What's the difference between Smith & Wollensky
Smith & Wollensky produced rather bland quarterly results. Restaurant sales inched 3% higher, to $27.6 million, while the net loss per share for the period narrowed from $0.35 to $0.22.
The shortcoming was thinner than the numbers would suggest, since the restaurant chain is calculating its numbers based on 8% fewer outstanding shares year over year. You also have charges related to stock-based compensation and the closing of its damaged restaurant in New Orleans. Without those items, Smith & Wollensky would have lost just $0.11 a share.
So, sure, the posh steakhouse is improving, but what's the deal with the red ink? Even carnivores who love their sirloin rare don't like to see that much red on the bottom line. This is historically the company's worst quarter, but do you see other public steakhouses failing to break even in the seasonally sleepy September quarter?
Ruth's Chris Steak House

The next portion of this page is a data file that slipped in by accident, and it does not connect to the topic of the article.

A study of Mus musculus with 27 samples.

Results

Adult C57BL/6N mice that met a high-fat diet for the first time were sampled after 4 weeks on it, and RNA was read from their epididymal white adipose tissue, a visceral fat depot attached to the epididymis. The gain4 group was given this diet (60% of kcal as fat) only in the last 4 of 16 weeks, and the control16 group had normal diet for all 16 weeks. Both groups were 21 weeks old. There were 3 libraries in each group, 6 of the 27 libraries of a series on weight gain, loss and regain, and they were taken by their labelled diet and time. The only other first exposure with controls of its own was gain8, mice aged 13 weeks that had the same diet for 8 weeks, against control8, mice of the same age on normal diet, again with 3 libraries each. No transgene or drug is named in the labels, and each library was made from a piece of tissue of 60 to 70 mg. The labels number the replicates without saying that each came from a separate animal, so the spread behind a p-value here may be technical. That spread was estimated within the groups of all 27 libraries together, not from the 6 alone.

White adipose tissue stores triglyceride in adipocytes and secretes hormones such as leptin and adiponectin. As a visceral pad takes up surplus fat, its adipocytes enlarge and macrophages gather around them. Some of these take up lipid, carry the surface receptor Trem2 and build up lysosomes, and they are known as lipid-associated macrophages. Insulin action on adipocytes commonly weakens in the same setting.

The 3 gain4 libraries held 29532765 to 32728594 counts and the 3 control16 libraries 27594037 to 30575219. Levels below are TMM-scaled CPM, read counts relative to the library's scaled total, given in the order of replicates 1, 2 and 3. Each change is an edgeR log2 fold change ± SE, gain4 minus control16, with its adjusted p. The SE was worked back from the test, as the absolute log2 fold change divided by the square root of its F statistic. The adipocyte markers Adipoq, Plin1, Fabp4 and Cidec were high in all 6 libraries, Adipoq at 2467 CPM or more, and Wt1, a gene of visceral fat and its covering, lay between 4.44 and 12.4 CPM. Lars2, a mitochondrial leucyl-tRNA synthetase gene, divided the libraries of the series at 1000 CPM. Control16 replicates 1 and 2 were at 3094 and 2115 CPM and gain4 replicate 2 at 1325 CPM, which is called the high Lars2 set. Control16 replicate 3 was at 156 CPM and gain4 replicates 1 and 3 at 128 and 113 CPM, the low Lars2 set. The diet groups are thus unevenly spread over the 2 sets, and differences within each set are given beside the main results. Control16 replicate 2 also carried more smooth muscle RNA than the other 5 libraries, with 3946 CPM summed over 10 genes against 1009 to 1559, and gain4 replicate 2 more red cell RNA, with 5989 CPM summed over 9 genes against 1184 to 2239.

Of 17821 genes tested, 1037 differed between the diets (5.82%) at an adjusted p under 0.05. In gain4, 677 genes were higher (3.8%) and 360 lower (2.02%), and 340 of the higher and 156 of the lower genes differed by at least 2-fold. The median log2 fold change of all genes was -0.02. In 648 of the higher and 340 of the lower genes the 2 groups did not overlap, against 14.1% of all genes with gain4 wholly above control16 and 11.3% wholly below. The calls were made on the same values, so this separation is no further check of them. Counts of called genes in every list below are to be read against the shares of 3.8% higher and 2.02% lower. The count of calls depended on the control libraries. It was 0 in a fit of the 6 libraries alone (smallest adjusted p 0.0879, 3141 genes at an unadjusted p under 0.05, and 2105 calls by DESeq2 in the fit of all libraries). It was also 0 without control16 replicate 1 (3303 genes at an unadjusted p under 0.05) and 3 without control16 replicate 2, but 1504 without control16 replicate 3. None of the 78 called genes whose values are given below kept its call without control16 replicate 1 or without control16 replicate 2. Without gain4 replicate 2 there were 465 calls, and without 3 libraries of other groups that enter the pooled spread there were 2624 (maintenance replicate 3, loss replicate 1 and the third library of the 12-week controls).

How telling is it, in this often-volatile stock market, that Smith & Wollensky has never spent a day trading for more than single digits since going public in the spring of 2001 at $8.50 a pop?
I haven't given up on Smith & Wollensky. Seeing it trade for roughly half of its IPO price more than five years later may be an opportunity if it continues to improve its operations, and if some of its secondary concepts, like Quality Meats and other New York City stand-alone eateries, prove themselves worthy of expansion.
Until then, all I'm hearing is blanks. At least it's comforting to know that the company's aim is getting better.